John Tlumacki/Globe Staff
The pioneering researcher who discovered that Aaron Hernandez was afflicted with advanced chronic traumatic encephalopathy said Thursday that she cannot solve one of the great mysteries in American sports: why the Patriots phenom who seemed to have it all, including a $40 million contract, would murder a friend over a perceived slight and hang himself five days after a jury cleared him of killing two strangers who may have angered him at a nightclub.
But Dr. Ann McKee, a neuropathologist who directs the Boston University CTE Center, said Hernandez’s brain disease — the most severe the BU team has seen in an athlete so young — is known to manifest in harmful ways.
“We can’t take the pathology and explain the behavior, but we can say collectively that individuals with CTE of this severity have difficulty with impulse control, decision-making, aggression, often emotional volatility, and rage behavior,” McKee said.
McKee said the BU team has autopsied 468 brains, and no one younger than 46 who was diagnosed with CTE had a brain as damaged as Hernandez, who was 27 at the time of his death in April.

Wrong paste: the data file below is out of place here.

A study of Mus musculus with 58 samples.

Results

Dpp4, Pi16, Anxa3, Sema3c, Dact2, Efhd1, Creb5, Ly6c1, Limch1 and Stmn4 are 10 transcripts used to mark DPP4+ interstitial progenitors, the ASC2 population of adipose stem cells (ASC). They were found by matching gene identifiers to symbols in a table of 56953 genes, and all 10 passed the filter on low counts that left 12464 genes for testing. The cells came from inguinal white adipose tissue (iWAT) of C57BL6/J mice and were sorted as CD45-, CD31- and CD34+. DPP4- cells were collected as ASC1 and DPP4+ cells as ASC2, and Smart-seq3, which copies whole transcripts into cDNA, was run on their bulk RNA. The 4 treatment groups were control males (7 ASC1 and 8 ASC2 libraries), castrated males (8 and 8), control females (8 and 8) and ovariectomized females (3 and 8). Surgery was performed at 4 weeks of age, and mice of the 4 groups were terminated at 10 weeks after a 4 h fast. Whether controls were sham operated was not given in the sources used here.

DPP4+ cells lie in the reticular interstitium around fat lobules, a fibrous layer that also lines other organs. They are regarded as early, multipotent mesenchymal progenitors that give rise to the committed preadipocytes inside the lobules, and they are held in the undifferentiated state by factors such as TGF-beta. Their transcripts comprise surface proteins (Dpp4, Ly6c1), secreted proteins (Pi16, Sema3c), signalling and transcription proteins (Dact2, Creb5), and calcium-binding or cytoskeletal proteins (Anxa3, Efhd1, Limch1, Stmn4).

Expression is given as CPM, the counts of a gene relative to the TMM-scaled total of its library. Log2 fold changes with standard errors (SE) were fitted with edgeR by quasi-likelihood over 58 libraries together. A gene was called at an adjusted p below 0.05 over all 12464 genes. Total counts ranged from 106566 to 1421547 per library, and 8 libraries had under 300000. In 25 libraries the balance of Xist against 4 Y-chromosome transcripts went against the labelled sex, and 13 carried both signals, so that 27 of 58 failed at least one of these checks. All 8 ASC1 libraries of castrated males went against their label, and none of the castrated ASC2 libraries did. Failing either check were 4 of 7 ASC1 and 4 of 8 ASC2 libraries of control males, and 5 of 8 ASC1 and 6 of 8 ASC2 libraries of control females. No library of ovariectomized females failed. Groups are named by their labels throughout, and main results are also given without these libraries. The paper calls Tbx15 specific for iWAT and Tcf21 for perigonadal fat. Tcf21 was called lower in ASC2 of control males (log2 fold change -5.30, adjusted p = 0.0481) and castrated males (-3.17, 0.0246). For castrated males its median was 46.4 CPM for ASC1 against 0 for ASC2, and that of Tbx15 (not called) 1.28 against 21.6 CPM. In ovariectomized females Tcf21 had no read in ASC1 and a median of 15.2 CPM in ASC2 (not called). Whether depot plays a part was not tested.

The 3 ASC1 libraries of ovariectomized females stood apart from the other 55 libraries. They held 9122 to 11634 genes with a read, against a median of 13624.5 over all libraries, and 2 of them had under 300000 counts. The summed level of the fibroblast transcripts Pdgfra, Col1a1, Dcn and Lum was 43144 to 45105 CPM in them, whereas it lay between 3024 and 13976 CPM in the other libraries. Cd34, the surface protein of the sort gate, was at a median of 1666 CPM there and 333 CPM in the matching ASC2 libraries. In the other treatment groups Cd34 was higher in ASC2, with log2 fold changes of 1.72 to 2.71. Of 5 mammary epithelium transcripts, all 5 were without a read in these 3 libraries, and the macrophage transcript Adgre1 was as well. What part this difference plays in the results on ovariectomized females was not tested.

McKee displayed a series of images and pointed to severe damage to Hernandez’s brain that she said was caused by repetitive head trauma. The damage included substantial atrophy, or loss of brain tissue.
“In every place we looked, it was classic CTE,” she said.
She said she received Hernandez’s brain in very good condition, which presented a rare opportunity to study the disease in a person so young. McKee said Hernandez was born with a genetic marker that is associated with neurodegenerative diseases such as Alzheimer’s disease and possibly CTE.
“He may have had some susceptibility to developing a more aggressive type [of CTE],” McKee said.
McKee’s diagnosis was made public last month by Jose Baez, a lawyer for Hernandez’s estate, when he announced plans to sue the NFL for allegedly failing to protect the former player from the potential consequences of head injuries.
BU issued a statement at the time confirming that Hernandez had Stage 3 (of 4) CTE and released images of a brain exam that showed classic telltale signs of the disease.
But McKee had not spoken publicly or fielded questions about her findings until Thursday as part of her presentation during an academic conference on CTE being held at BU.